Environment Minister Jose Herrera claimed that he was unaware of who the private sector would choose to provide reverse vending machines. When replying to questions by Newsbook.com.mt, Herrera stressed that the private sector would be investing some €10 million in the Beverage Container Refund Scheme. Asked if the provider of the reverse vending machines was already set, Herrera replied that now everything would fall into place since the memorandum of understanding was signed and tenders will be issued. Herrera remarked that given it was a private investment, and that he was of the opinion that the government should not interfere on who would be chosen to provide the reverse vending machines.
Herrera stressed that the Ministry’s role would be to regulate through the newly set up agency, the Resource, Recovery and Recycling Agency (RRRA) which is chaired by Inġ. Mark Muscat. He explained that as a Ministry they could lay out the conditions such as the amount of bottles it could take.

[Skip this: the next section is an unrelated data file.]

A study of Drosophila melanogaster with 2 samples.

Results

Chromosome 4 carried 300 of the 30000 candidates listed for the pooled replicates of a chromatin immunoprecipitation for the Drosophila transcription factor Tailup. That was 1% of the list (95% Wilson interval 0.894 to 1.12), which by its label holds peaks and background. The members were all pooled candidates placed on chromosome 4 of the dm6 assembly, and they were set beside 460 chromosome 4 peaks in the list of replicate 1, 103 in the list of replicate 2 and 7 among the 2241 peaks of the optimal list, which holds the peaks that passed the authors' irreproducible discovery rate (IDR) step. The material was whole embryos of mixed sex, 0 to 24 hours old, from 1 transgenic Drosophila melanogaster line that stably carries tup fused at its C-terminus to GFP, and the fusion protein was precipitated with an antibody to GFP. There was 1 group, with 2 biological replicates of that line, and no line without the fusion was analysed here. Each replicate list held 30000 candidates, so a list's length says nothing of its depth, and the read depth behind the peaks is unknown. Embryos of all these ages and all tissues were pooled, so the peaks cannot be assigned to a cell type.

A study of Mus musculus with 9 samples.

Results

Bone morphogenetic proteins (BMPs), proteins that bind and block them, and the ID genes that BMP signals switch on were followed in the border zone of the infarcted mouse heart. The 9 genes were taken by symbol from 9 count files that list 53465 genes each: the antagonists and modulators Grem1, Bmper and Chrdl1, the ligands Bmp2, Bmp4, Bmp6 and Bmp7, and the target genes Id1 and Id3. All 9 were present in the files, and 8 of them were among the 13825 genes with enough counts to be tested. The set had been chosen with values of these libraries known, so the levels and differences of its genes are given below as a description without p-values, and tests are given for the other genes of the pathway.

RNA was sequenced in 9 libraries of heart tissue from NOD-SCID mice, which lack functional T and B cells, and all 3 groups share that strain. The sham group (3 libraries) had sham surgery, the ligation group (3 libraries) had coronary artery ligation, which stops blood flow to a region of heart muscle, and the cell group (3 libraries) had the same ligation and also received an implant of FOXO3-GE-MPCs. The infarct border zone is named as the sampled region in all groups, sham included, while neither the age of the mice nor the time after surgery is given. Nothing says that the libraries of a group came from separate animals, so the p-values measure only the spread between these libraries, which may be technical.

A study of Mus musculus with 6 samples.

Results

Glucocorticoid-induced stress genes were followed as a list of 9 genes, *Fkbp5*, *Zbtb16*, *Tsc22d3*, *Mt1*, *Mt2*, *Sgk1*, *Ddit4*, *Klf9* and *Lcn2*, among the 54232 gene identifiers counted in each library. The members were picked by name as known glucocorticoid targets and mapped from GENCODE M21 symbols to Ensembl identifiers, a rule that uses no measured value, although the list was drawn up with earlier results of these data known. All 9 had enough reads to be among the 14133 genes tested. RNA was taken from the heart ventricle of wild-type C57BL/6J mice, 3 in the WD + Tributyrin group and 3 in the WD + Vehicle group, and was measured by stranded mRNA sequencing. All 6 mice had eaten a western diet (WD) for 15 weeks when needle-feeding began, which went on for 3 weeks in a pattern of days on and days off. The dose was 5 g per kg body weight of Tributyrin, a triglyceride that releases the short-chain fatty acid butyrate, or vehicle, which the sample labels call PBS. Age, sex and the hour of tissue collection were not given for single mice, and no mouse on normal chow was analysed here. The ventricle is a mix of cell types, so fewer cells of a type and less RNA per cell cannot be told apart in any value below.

When asked who would be operating the scheme, Herrera replied the private sector and mentioned the GRTU, the Chamber of Commerce, and big players such as Farsons and General Soft Drinks.
‘I haven’t heard of Malcolm Scerri’
Media reports earlier this year had said that Malcolm Scerri, the business partner of the Office of the Prime Minister’s Chief of Staff Keith Schembri was eyeing the plastic bottle return system. His company, Acumen Projects Ltd, was Malta’s representative of Tomra, a Norwegian multinational recycling solutions corporation. The Environment Ministry had categorically denied the reports as “unfounded allegations” and said that the report aimed to prejudice the environmental initiative.
Herrera told Times of Malta that he had not heard of Scerri in any relation to the project on which a memorandum of understanding was signed on Wednesday.